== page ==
SPECIAL TO THE TIMES

A van containing what are thought to be the remains of Thousand Oaks businessman and former Iron Butterfly bassist Philip Taylor Kramer will be hoisted out of a canyon to be studied for clues, authorities said Monday.

The vehicle was discovered over the weekend in a canyon in the Santa Monica Mountains. It was badly damaged after careening more than 400 feet off Decker Canyon Road, about 1 1/2 miles east of Pacific Coast Highway.

A human skull and bones were recovered at the crash site.

The vehicle identification number on the crashed van matched the numbers on the van the 42-year-old Kramer was driving when he disappeared more than four years ago, deputies said.

Coroner’s officials will use dental records to identify the remains, but deputies say they are all but certain it is Kramer.

“When they pulled out the driver’s license, they pulled it out of his wallet and told me the name that was on it was Phil Kramer,” said Walter Lockwood, one of the hikers who found the remains Saturday.


Kramer’s wife, Jennifer, declined to comment, but his friend and former business partner Dan Shields said the family was in shock.

“They want to wait and see what all the results are before saying anything,” Shields said.

Shields was Kramer’s partner in the now-closed Total Multimedia, a Thousand Oaks firm that specialized in video compression, technology that stores visual images on CD-ROM discs.

Although the only available evidence suggests suicide, Shields and Kramer’s family still believe there is a possibility that Kramer met with foul play. At the time he vanished in February 1995, the family hypothesized that the disappearance may been linked to Kramer’s work.

Kramer’s father said in 1995 that his son had made some breakthroughs using a computer to study the possibility of transmitting images faster than the speed of light. Such a notion is considered scientifically impossible.

Kramer also once worked as an engineering specialist on a U.S. missile program.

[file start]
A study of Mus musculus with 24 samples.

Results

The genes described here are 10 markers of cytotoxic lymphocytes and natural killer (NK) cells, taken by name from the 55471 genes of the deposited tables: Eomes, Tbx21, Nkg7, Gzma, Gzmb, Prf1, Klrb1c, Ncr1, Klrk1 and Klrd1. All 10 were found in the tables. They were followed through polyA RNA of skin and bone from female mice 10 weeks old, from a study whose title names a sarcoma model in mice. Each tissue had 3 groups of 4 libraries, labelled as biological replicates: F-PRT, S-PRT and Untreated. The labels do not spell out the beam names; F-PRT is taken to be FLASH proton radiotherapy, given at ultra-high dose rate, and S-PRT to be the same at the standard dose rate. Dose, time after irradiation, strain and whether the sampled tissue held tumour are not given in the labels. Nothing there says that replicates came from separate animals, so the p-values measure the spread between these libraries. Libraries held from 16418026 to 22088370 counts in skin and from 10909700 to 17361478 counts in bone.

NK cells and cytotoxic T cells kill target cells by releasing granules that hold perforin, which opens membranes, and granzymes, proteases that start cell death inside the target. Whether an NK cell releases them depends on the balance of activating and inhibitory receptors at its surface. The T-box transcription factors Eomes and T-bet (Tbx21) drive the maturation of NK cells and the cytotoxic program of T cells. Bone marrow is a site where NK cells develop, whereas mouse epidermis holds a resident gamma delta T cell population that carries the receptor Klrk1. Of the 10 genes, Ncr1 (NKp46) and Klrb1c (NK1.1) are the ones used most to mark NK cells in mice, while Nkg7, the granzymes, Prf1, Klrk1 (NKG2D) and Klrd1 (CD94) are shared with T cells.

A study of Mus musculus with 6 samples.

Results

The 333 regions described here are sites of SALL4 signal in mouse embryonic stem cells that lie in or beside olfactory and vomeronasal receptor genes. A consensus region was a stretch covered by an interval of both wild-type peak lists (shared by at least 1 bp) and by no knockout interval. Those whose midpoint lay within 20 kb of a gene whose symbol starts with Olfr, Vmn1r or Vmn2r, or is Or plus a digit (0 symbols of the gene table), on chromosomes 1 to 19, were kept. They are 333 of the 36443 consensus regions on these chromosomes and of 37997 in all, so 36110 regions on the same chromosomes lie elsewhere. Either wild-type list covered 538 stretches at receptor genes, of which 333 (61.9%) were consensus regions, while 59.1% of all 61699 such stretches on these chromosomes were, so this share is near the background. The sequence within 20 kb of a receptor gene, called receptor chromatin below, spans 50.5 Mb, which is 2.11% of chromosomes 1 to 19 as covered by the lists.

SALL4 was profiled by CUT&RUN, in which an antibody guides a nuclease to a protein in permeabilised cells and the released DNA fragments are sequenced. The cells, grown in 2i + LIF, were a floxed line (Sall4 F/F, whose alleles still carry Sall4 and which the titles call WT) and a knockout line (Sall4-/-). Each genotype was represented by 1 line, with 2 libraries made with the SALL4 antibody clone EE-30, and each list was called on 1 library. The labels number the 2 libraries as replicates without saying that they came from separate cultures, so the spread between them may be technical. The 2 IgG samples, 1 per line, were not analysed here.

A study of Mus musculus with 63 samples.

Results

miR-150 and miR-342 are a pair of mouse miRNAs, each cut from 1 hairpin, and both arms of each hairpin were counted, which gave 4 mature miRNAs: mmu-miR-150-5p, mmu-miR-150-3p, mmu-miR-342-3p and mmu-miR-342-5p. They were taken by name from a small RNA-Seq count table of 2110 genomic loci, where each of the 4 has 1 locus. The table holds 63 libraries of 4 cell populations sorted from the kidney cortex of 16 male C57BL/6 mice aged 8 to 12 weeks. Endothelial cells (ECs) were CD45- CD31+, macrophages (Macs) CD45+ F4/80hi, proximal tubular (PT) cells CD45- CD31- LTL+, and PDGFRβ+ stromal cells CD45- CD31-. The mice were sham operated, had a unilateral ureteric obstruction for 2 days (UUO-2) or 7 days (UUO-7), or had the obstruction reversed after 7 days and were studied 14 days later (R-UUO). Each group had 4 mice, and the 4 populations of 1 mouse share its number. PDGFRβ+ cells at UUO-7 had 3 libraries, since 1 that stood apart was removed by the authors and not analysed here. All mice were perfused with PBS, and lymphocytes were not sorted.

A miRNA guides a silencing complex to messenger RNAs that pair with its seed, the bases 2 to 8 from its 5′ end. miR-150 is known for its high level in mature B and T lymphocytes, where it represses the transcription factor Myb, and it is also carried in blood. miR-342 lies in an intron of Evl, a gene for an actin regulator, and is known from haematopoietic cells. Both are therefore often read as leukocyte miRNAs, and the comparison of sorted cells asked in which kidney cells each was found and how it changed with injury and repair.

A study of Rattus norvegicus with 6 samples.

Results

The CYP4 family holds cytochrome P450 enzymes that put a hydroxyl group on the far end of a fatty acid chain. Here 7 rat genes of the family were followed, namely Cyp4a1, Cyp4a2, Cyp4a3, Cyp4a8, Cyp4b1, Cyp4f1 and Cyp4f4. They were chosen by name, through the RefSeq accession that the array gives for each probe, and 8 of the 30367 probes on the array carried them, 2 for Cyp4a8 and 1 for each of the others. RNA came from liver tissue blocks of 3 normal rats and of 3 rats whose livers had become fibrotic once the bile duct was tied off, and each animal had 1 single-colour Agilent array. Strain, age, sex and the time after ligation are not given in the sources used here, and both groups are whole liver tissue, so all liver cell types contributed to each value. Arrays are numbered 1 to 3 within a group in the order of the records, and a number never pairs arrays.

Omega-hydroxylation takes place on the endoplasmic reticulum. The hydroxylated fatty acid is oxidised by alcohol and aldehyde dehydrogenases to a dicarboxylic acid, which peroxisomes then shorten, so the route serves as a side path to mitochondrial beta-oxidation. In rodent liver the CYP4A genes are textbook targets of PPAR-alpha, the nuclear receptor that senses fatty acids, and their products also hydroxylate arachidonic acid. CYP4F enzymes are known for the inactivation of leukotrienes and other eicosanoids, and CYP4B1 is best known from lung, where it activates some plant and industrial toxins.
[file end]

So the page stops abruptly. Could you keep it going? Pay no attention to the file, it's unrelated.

Ventura County authorities, though, have speculated that Kramer was despondent and may have taken his own life.

Although local deputies chased several leads and did an air search of the area where Kramer’s van was eventually found, considerable evidence supports the possibility of suicide.

On the day he disappeared, Kramer used his cell phone to call his wife and best friend to tell them he loved them. He then called 911, identified himself and told a police dispatcher he was going to commit suicide.

Also in 1995, court records show that Kramer was heavily in debt and his company was emerging from bankruptcy.

Los Angeles County Sheriff’s Deputy Bruce Thomas said Monday that homicide detectives handling the case have not ruled out any possible cause of death.

Detectives want to examine the van to see if it will answer some of those questions, he said.

“A helicopter will probably bring it up so we can determine how it was involved in the accident and where the damage is on it,” Thomas said. “Was it a rollover? Did he fall asleep at the wheel? Did he hit something? This is what we are trying to find out.”

Kramer joined the rock group Iron Butterfly after it re-formed in 1975. The band is most famous for its 1969 hit “In-A-Gadda-Da-Vida.”